My 2nd Metaversary

March 8, 2017, I received my breast cancer diagnosis and on June 21, 2017, I was told that I had actually been Stage IV from the beginning (aka de novo). I’ve marked the former as my cancerversary for the last two years and yet the latter needs some sort of acknowledgement. It was the latter diagnosis that has literally upended my life while we were still struggling to assimilate the idea of cancer.

That day, a Thursday and the day before my second AC infusion, is irrevocably seared into my memory. The call, early in the day, that I needed to come in, didn’t matter the time, just come. I was in the middle of prepping for a hearing and couldn’t just drop that, so I prepped, went to the hearing and then went to my doctor’s office. Elliot insisted on coming with me, he intuitively knew it was bad. I was in denial and initially told him not to come, that he’d already missed too much work due to my medical appointments and surgeries.

When my first medical oncologist (he retired in late 2017) gave me the news that’s I’d actually been Stage IV for a while, it was paralyzing. My ability to think just stopped and all I could visualize was my kids. I’m sure my doctor gave us some details, but the only detail I remember from the conversation was when he mentioned 10 years as a potential life span. I seized on that comment and asked some clarifying questions. My doctor immediately stopped me and said that 10 years was considered an outlier and that the life expectancy was closer to 2. He talked up the progress made with chemotherapeutic drugs in recent years and was kind and gentle. The very features that I didn’t like in him initially, because it felt paternalistic then, were the very things that I appreciated the most at the time of him delivering such devastating news.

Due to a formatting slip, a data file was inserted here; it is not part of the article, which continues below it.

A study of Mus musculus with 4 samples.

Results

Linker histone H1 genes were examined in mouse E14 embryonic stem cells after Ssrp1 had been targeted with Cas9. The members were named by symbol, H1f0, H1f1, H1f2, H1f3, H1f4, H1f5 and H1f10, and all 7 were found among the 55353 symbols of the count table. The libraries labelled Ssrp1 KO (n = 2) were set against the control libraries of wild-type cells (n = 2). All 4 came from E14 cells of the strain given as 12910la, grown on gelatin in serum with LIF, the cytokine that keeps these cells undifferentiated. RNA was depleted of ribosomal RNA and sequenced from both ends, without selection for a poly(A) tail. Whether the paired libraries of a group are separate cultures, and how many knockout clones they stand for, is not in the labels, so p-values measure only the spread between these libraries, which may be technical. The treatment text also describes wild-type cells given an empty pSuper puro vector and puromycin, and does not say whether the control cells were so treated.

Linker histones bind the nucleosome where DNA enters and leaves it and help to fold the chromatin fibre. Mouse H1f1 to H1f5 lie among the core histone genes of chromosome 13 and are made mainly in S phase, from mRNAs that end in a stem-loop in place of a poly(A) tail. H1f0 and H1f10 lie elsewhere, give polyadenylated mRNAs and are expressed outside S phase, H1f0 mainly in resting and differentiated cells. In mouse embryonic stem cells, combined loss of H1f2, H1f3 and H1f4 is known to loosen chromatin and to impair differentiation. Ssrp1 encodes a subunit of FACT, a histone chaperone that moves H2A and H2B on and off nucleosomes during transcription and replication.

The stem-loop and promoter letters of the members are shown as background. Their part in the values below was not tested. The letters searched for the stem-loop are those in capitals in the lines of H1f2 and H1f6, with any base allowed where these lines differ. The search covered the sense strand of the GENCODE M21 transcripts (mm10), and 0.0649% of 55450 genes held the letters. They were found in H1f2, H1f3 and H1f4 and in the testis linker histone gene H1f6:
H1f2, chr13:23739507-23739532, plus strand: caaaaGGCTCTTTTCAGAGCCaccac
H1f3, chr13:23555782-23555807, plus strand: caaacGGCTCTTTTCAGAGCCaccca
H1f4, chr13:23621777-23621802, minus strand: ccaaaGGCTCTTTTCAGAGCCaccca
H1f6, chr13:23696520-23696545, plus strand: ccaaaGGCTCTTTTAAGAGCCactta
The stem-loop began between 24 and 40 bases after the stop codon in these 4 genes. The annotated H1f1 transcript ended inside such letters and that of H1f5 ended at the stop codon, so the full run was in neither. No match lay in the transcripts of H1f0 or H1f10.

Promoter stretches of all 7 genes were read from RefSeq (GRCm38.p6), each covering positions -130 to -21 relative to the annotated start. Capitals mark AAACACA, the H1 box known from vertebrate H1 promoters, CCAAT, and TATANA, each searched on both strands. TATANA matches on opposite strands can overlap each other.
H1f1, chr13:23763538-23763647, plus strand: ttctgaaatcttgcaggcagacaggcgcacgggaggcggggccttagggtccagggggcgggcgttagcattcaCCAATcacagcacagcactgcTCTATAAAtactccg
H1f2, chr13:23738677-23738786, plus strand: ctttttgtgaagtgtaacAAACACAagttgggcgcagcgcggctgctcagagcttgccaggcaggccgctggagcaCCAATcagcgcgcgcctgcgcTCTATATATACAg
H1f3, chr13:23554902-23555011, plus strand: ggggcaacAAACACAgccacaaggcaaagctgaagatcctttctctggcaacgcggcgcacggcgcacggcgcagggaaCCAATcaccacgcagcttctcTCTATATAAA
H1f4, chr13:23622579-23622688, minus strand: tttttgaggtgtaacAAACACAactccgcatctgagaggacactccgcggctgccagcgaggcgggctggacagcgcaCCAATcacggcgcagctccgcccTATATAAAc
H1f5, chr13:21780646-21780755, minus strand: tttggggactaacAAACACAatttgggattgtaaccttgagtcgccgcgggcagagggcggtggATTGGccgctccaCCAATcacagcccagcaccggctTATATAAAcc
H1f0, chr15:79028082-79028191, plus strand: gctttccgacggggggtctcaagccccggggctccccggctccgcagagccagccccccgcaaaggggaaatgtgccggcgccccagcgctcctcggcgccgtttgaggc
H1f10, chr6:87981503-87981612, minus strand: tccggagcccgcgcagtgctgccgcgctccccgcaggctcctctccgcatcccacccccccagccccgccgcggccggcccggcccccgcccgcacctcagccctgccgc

So here I am, I’ve been knowingly living with Stage IV metastatic breast cancer for over 2 years. I’m sure the actual time I’ve had cancer has been longer than 2 years because back on June 21, 2017, I learned that the cancer lesions were in literally every bone. It took some time for that to happen and I’d been feeling pain for several months in the area where a 5 cm tumor had put down roots.

There are things I know now that sometimes I wish I knew then, but in reality the last two years have served as a way to assimilate and understand my diagnosis. I couldn’t have done that more quickly I don’t think. It has literally taken this time to adjust to this new life, these new parameters, the new end point and my new goals.

Cancer has changed everything and has taken a great deal away, yet there is still magic, there are still memories to be made and I’m alive today.

That I’m alive today is something I’m learning to EMBRACE. Today I get to be here with my boys and that’s the most important thing right now.